HTML5 Security Vulnerabilities and Language Overview

What is HTML5?

HTML5 was officially published in October 2014 by the World Wide Web Consortium (W3C) although adoption began earlier by forward thinking organizations and developers who wanted to utilize its futuristic functionalities.

HTML5 (HyperText Markup Language 5) is the markup language used for structuring and presenting content on the World Wide Web. HTML5 is made up of three different kinds of code: HTML, which gives websites their structure; Cascading Style Sheets (CSS), which give websites their presentation attributes; and JavaScript, which powers a majority of the functions that we are used to on modern websites.

HTML5 boasts support for the latest multimedia and is easily readable by humans while consistently understood by computers, browsers and parsers. HTML5 includes features designed for low-powered devices which makes it ideal for hybrid mobile applications.

Setting HTML5 apart from Flash is the fact that HTML5 on its own cannot be used for animation or interactivity since it needs CSS3 or JavaScript to accomplish either.

Source: Wikipedia

Why Was HTML5 Created?

Prior to the release of HTML5, websites were powered by HTML4 which was originally released way back in 1997. While HTML4 was able to deliver the functionalities needed in the earlier stages of widespread internet adoption, as web applications progressed further and further in their functionalities, the demand increased for a markup language that was able to deliver more than simply the static pages that HTML4 was capable of.

HTML4 relied on the heavy use of plugins to provide website users with any functionalities that went beyond simple text and images, something we now take for granted. The use of such a multitude of plugins caused problems for websites which were viewed on multiple browsers and devices since some functionalities may be lost if plugins were not supported.

HTML5 introduced the following elements which have transformed websites into the rich, immersive experiences that they are today which allow once static websites to become application platforms.

  • New semantic elements like , , , and .
  • New attributes of form elements like number, date, time, calendar, and range.
  • New graphic elements: and .
  • New multimedia elements:

Security Threats from Hybrid Mobile Applications

With the new functionalities introduced by HTML5, mobile developers are able build applications which are easily adapted to both Android and iOS devices. Developers use platforms such as Cordova (and Cordova-based tools such as PhoneGap), Appcelerator Titanium and Xamarin to create these “hybrid apps” which are easier to create than platform-dependant native applications, however often lack platform specific native features.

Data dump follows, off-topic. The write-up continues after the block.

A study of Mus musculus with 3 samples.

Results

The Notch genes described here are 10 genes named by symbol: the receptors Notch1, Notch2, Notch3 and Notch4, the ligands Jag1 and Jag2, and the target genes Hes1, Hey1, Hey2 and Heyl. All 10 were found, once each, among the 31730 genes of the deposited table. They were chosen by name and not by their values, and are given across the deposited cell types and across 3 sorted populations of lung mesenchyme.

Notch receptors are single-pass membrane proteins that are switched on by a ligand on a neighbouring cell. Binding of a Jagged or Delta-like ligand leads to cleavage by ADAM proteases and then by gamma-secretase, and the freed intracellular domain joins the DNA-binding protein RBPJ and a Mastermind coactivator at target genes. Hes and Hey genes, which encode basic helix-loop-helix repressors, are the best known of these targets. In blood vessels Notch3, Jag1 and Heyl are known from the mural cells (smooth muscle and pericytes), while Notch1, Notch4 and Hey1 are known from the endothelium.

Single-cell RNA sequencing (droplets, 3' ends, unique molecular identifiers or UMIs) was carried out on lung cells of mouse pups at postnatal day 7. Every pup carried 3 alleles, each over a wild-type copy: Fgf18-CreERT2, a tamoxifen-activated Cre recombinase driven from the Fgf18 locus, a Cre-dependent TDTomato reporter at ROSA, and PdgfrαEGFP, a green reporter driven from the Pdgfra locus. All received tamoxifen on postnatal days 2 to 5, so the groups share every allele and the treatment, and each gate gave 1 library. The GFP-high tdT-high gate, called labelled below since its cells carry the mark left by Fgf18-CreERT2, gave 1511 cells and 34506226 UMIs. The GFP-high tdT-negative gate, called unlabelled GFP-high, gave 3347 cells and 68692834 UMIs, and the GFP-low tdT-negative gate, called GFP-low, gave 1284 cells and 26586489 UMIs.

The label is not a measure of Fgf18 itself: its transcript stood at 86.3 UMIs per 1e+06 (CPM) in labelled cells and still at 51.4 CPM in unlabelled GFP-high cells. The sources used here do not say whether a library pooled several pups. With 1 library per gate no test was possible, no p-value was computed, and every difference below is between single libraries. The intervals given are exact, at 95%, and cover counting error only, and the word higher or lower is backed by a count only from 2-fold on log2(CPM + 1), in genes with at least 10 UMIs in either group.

With the convenience of creating hybrid apps, however, comes increased security risk as native applications able to leverage platform-specific built-in security features. Hybrid apps are dependent on webviews which can make them vulnerable to injection attacks when using certain API’s.

HTML5 Security Vulnerabilities

As with any introduction of new functionalities, comes risk. In addition to the rich websites powered by HTML5 that we use to conduct all our online browsing, shopping, communication and more, many of applications that we trust with highly personal data are also developed in HTML5 in order to make them fully functional across all mobile platforms. With this in mind, it’s critical that developers coding in HTML5 ensure that their applications are free from any security flaws that could put the sensitive data that they transmit and store in danger.

Security threats occur when multiple facets of HTML5 are not securely implemented. These include communication APIs (web messaging, cross origin resource sharing, web sockets and server-sent events), Storage APIs (local storage, client-side databases), geolocation, web workers, sandboxed frames and offline applications.

OWASP recommends using the following HTTP headers to further enhance HTML5 security: X-Frame-Options, X-XSS-Protection, Site Transport Security, Content Security Policy and Origin).

HTML5 Security Vulnerabilities in JavaScript:

  • Medium Threat: Client HTML5 Information Exposure
  • Medium Threat: Client HTML5 Insecure Storage
  • Medium Threat: Client HTML5 Store Sensitive data In Web Storage
  • Low Visibility: Client HTML5 Easy To Guess Database Name
  • Low Visibility: Client HTML5 Heuristic Session Insecure Storage

Read more about HTML5 security threats in OWASP’s HTML5 Security Cheat Sheet.

Securing your HTML5 Code

Checkmarx’s CxSAST, a static code analysis solution, stands out amongst HTML5 testing solutions as not only the solution which will keep your HTML5 free from security and compliance issues, but also as the tool which will contribute to your organization’s advancement when it comes to application security maturity.

CxSAST works with the tools your developers are already using as it seamlessly integrates with most of the common development programs available at every stage of the SDLC. CxSAST’s features such as incremental code scanning and the best fix location made it ideal for any continuous integration continuous development (CICD) environment.

When vulnerabilities are detected in the HTML5 code, CxSAST will not only identify the best fix location, but will also offer resources to the developer to understand how the attack vector work as well as remediation advice which will help them ensure similar mistakes are avoided in the future.